Rabat – What I wish Americans knew about Morocco. A few months ago, I received an email from an old friend asking how I am and where in the world I am these days.
When I replied that I live in Morocco, he said: “Holy crap, I can’t believe you live alone in Muslim-land; you’re much braver than I would be.”
I did not reply to that email. I was too upset.
I am okay with anyone telling me that I am brave to live in another country alone. I can appreciate that. But I had a problem with somebody telling me that I am “brave” to live in “Muslim-land.”
This week is Peace Corps Week, and in celebration of it Peace Corps asked us to do a classroom challenge or to record a video on the theme of “What I wish Americans knew about my country of service.” I am currently not in Morocco and I do not like recording videos of myself, so this is my chance to explain, all at once,
What I wish Americans knew about Morocco:
I wish Americans knew that Morocco is a safe place to live, that yes, Morocco is a Muslim country, and that no, it is not a terrorist country. I wish they knew that Islam is a peaceful religion. In fact, the word “Islam” is derived from the root word “salam,” meaning peace and safety, the same word Moroccans use to greet each other.
I wish Americans knew that Morocco was the first country to recognize American independence and has signed the longest unbroken peace treaty with the US in American history.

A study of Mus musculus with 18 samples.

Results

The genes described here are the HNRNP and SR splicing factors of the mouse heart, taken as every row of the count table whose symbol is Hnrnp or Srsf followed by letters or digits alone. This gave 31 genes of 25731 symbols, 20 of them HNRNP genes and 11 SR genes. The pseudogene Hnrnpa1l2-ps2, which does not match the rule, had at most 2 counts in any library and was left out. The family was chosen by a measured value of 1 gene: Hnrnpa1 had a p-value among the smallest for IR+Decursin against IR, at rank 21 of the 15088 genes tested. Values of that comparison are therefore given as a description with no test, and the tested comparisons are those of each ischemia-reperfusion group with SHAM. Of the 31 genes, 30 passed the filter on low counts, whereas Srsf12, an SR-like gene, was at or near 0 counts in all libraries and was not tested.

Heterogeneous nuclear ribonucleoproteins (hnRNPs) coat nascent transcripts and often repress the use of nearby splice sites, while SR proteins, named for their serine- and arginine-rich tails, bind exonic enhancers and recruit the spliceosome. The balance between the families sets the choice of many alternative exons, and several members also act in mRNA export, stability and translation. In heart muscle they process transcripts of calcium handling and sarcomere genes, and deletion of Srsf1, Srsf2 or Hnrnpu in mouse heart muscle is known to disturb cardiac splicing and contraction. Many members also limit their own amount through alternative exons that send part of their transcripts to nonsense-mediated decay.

I wish they knew that many Moroccan women are and want to be feminists. They are both Muslim and feminists, and the two can go together as long as we do not impose our Western version of feminism.
I wish Americans knew that, despite high rates of sexual harassment and assault, many Moroccan men are respectful to me and to women. They treat women with dignity like the Quran tells them to.
I wish Americans knew that Moroccans are the most hospitable people I have ever met, that Morocco is a place where phrases like “you are like family” are not taken lightly. Sometimes, you will befriend a random couple on a train and converse with them.
Once you arrive at the train station, they will cut lines for you to help you buy a ticket to your next train that leaves in 60 seconds, carry your bag and suitcase for you while running through the platforms alongside you, watch you board your train and watch you through the window making sure you’ve taken a seat, and wave at you as your train takes off. They were just strangers. (You will then be force-fed lunch by a family sitting in the same train compartment as you.)
I wish Americans knew that Morocco is not all desert, that there are the Atlas Mountains, the Rif Mountains, hundreds of miles of beaches, and I wish they could see how winter rains bring beautiful green rolling hills that look like this:
I wish they knew that couscous doesn’t taste good when it come? from a box, but instead tastes better when a Moroccan mama takes three hours of every Friday morning to make it so that it looks like this:
I wish Americans could realize that living in Morocco is not easy, and that I do not always enjoy Morocco. It is more than camel treks and tagines, snake charmers and cheap spices. But I hope they know that if they insult Morocco, I will defend it–because it is my home.
Jaclyn Dean is a current Peace Corps Volunteer in Morocco who works in youth development, teaching English, exercise, drawing, and life skills to youth. She graduated from Rice University in Houston, Texas with a degree in Sociology and Political Science and worked briefly in Texas politics. Jaclyn was born and raised in Plano, Texas.